Farming and Industry | Wisconsin Historical Society

Historical Essay

Farming and Industry

How a Disaster Made Wisconsin the Dairy State

Farming and Industry | Wisconsin Historical Society
EnlargeA photograph of men standing along the sides of a lead mine in Webb City, MO.

Lead and Zinc Mine

Webb City, Missouri was known as the world's largest and most productive lead and zinc mining field in the late 1800s and early 1900s and was part of the "Tri-State Mining District." An underground view is shown of the mine with a group of workers. View the original source document: WHI 72676

European settlers who arrived in Wisconsin in the 19th century were not interested in farming. The first several thousand settlers in the state emigrated to the lead region of southwest Wisconsin in the 1820s. Government surveyors began laying out townships throughout Wisconsin in the 1830s. Speculators soon began purchasing real estate from government land offices to sell to farmers and businessmen. 

The immigrants who arrived in the 1830s were anxious to find good farm sites. Most hoped to raise a crop before winter to feed their families and make money for supplies. Nearly 5,000 farms a year were founded in Wisconsin in the 1840s.


Wheat was the first, most important cash crop planted in Wisconsin. It did not require a large capital investment, and was easy to grow. From 1840 to 1880, Wisconsin provided one sixth of the wheat in the United States. Despite its early success, wheat became unpopular in the late 1850s. Wisconsin farmers struggled to compete with farmers in Minnesota and Iowa.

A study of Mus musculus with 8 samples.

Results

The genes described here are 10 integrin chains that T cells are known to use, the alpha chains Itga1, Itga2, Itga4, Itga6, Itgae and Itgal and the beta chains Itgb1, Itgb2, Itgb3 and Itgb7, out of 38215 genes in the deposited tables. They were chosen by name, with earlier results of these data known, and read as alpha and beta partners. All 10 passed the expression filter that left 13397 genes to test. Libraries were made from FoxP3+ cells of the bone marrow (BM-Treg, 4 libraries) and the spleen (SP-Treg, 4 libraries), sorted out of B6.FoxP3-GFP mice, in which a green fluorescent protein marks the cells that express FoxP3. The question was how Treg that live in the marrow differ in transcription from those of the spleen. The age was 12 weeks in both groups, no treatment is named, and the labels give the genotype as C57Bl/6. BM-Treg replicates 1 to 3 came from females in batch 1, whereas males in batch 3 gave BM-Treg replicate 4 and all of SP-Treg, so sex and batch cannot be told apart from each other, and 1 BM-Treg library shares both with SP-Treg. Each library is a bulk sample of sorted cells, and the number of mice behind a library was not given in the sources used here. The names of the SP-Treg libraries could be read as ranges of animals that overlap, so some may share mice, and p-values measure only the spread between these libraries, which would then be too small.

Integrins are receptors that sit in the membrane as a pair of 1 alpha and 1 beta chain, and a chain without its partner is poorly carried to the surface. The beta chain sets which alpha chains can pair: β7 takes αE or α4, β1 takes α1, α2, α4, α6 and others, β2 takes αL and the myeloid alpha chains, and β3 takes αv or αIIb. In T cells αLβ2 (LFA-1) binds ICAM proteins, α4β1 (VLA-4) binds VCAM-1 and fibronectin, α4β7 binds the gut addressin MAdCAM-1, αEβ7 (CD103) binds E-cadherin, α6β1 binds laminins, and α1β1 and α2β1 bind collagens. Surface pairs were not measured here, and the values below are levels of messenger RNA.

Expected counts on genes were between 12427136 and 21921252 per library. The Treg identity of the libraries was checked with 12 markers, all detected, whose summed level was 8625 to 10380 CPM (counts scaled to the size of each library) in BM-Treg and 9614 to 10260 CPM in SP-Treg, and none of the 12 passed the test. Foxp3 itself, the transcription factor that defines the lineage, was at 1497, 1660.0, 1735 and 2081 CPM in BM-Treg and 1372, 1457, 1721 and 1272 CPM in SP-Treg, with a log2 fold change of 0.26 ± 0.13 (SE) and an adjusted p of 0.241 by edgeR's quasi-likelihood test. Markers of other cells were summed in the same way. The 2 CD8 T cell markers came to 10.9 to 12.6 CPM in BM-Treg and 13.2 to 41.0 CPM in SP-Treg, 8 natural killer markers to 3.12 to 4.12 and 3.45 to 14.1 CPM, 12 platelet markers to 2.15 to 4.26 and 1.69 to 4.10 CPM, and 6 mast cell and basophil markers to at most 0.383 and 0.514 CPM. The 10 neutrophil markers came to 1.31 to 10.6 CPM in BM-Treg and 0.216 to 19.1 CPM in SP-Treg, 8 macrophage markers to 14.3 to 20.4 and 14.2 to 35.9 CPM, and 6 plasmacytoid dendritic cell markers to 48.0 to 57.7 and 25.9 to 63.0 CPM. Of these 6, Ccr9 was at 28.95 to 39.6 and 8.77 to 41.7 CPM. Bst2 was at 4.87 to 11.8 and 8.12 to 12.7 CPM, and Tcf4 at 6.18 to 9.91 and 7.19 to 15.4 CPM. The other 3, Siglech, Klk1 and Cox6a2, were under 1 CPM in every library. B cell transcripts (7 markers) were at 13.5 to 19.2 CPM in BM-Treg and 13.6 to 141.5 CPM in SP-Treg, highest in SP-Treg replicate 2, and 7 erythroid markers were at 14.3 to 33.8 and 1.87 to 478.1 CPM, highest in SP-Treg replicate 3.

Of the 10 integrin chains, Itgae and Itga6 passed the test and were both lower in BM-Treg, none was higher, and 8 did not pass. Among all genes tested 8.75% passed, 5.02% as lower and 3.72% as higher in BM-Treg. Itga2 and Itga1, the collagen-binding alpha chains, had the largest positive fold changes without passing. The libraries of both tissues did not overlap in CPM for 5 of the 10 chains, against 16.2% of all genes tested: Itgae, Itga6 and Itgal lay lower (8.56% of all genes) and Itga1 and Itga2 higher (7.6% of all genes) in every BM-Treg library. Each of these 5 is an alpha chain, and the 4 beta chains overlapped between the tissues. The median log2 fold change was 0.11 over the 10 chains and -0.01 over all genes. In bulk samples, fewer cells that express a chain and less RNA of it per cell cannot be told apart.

Since the 1850s, agricultural reformers had urged farmers to diversify their crops and restore depleted soil through crop rotation and fertilization. But wheat remained Wisconsin farmers' number one crop until the 1860s, when wheat rust disease and chinch bugs destroyed the crops. Farmers were forced to turn to new crops. Farmers in Waushara County pioneered the state's cranberry industry in the bogs north of Berlin, Wisconsin. Farmers in Rock, Jefferson and Dane counties successfully cultivated tobacco. Other farmers turned to corn, oats and hay to feed the thousands of cows that supported Wisconsin's growing dairy industry. By 1890, Wisconsin ranked first, second and third respectively in rye, barley and oat production in the country.


EnlargeBlack and white photo of cranberry harvesters using cranberry rakes make their way across a flooded cranberry bog.

Cranberry Harvest, 1934

Cranberry harvesters using cranberry rakes make their way across a flooded cranberry bog. In the background crates of harvested cranberries are stacked waiting for transport. View the original source document: WHI 86623

Farmers began focusing on commercial fruit and vegetable cultivation in the late 19th century. Nearly thirty percent of the state's potatoes came from Portage, Waushara and Waupaca counties in the early 20th century. Green peas, sweet corn, cucumbers, lima beans and beets all became important commercial crops in the 1880s. Wisconsin soon produced more vegetables for processing than any state in the nation. After many attempts, apples, cherries and strawberries became viable crops in a few areas of the state.

Cutover Lands

At the same time farmers prospered in southern Wisconsin, many recent immigrants searched for farmable plots in the north. Many staked claims in the "cutover" counties  wastelands created when loggers clear-cut forests. Despite promotional efforts and state aid to help settlers remove stumps, the area was never successfully farmed.

Although farming in the cutover region failed, agricultural production flourished throughout the rest of the state. To match the increasing scale and production levels of the state's agriculture, entrepreneurs soon established businesses to supply tools and equipment to farmers.